Luttrell v. El Paso Cnty., 08-16-00090-CV

CourtCourt of Appeals of Texas
Docket NumberNo. 08-16-00090-CV,08-16-00090-CV
Decision Date20 December 2017


No. 08-16-00090-CV


December 20, 2017

Appeal from the County Court at Law No. 5 of El Paso County, Texas

(TC# 2014DCV3070)


Appellants are four residents of El Paso who were found in contempt by Senior Judge Jerry Woodard for failing to obey a jury summons. Appellants filed a lawsuit on behalf of themselves and other similarly situated persons, naming Judge Woodard and El Paso County, requesting a declaration that their contempt judgments were void for lack of jurisdiction, and that Judge Woodard imposed court costs and fees in an "illegal" manner in their cases. In addition, Appellants sought a permanent injunction restraining and enjoining the defendants from charging illegal costs and fees in the future, a refund of all court costs, fines and fees already paid by Appellants.



In an apparent reaction to ongoing problems with prospective jurors in El Paso County not appearing for jury duty when summoned to do so, the "Council of Judges of El Paso" and Judge Stephen Ables, the Presiding Judge of the Sixth Administrative Judicial Region, began taking steps to devise a plan to address this issue as early as 1999.1 The record reflects that at a July 1999


Beginning on December 1, 1998, Judge Ables signed a series of orders, effective from January 1, 1999 through June 30, 2011, for three- to six-month periods of time, each labeled as an "order of assignment by the presiding judge," assigning Judge Woodard to the district courts and county courts of law, later adding the county criminal courts of law to the list, for six-month periods of time.4 The assignment orders did not specify any particular cases, or type of cases, over which Judge Woodward was to preside.5 For reasons that are unclear from the record, Judge Ables thereafter signed an order assigning Judge Woodard for the period from November of 2013


Although the mechanism by which this occurred is not entirely clear from the record, the parties agree that, in several instances, when a juror failed to respond to a jury summons in a particular court in El Paso County, that court would either "refer" or "transfer" the matter to Judge Woodard for the purpose of allowing him to conduct contempt proceedings against the recalcitrant juror. The record does not indicate when this practice started or how many jurors were found in contempt by Judge Woodard.

According to Appellants, Judge Garcia entered an order dated June 12, 2014, finding that all of the orders issued by Judge Woodard prior to that date were void, and vacating Judge Woodard's past contempt orders. The record, however, does not indicate how the matter came to Judge Garcia's attention, or what prompted him to enter that order; further, the record does not contain a copy of that order.

Appellants' Lawsuit

On September 29, 2014, Appellants filed their first Petition on behalf of themselves and other similarly situated individuals, naming Judge Woodard and El Paso County as defendants, alleging that they were among those who were adjudged to be in contempt by Judge Woodard.6 In their Petition, Appellants requested a declaration that their contempt judgments entered were void for lack of jurisdiction, claiming that Judge Woodard acted without legal authority in their cases. Among other things, Appellants alleged that the County had essentially created a rogue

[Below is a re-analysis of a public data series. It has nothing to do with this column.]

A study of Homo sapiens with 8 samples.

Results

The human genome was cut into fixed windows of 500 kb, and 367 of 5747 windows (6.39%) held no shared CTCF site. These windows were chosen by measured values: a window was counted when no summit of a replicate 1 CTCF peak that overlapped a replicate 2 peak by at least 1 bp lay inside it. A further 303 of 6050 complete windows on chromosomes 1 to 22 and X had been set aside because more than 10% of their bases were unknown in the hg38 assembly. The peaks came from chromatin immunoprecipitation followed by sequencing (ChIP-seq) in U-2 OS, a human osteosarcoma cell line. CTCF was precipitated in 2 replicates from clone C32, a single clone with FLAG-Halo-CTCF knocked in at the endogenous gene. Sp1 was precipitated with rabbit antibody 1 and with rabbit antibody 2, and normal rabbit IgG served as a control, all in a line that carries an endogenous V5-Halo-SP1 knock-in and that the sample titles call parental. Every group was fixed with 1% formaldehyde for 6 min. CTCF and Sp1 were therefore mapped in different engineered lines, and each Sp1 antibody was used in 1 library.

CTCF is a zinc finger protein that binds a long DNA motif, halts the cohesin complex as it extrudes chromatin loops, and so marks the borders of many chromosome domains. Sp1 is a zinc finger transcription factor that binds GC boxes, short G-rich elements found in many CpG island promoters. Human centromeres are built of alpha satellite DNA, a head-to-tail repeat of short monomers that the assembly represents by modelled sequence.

Appellants also alleged, without explanation, that Judge Woodard imposed "illegal" court costs and/or fees that were not authorized by statute, claiming that he "would actively conceal that he was imposing court costs without any legal authority to do so." In addition, although they did not specify what role the Commissioner's Court may have played in this matter, Appellants requested a declaration that "all Commissioners Court Orders authorizing the defendants to charge and collect court costs and any fee found for contempt of court to be [declared] unconstitutional, void, and unenforceable." Appellants also sought a permanent injunction "restraining and enjoining" the defendants from "charging Plaintiffs court costs and fees in an illegal manner" in the future, a refund of all court costs, fines and fees paid by Appellants, in the sum of $500 per plaintiff, as well as a "fourfold" refund of the "fees" that Appellants paid, together with attorney's fees and costs of court.

Judge Woodard's Motion to Dismiss


The County's Plea to the Jurisdiction

On November 7, 2014, the County filed its answer to Appellants' lawsuit, as well as a Plea to the Jurisdiction, claiming that it had governmental immunity from the lawsuit, and that the trial court therefore lacked subject matter jurisdiction to hear the matter. In its Plea, the County pointed out that Appellants had failed to allege that the County's immunity had been waived by any legislative grant of jurisdiction, and argued that Appellants had not alleged or described any facts that would support a finding that its immunity had been waived.

In response, Appellants filed their first amended petition on November 17, 2015, attempting to address the County's arguments. In their amended pleadings, Appellants added two new claims for relief. First, Appellants alleged that Judge Woodard, who they referred to as a "state official," had acted "without legal or statutory authority" when he imposed the "court costs and fees" under consideration herein, thereby raising what appears to be an "ultra vires" claim. Although their arguments were not entirely clear, at the hearing on the County's Plea to the Jurisdiction, Appellants alternated between alleging that Judge Woodard, Judge Ables, the El Paso Council of Judges, and the County had all acted illegally in allowing for the imposition of the allegedly unlawful costs and fees.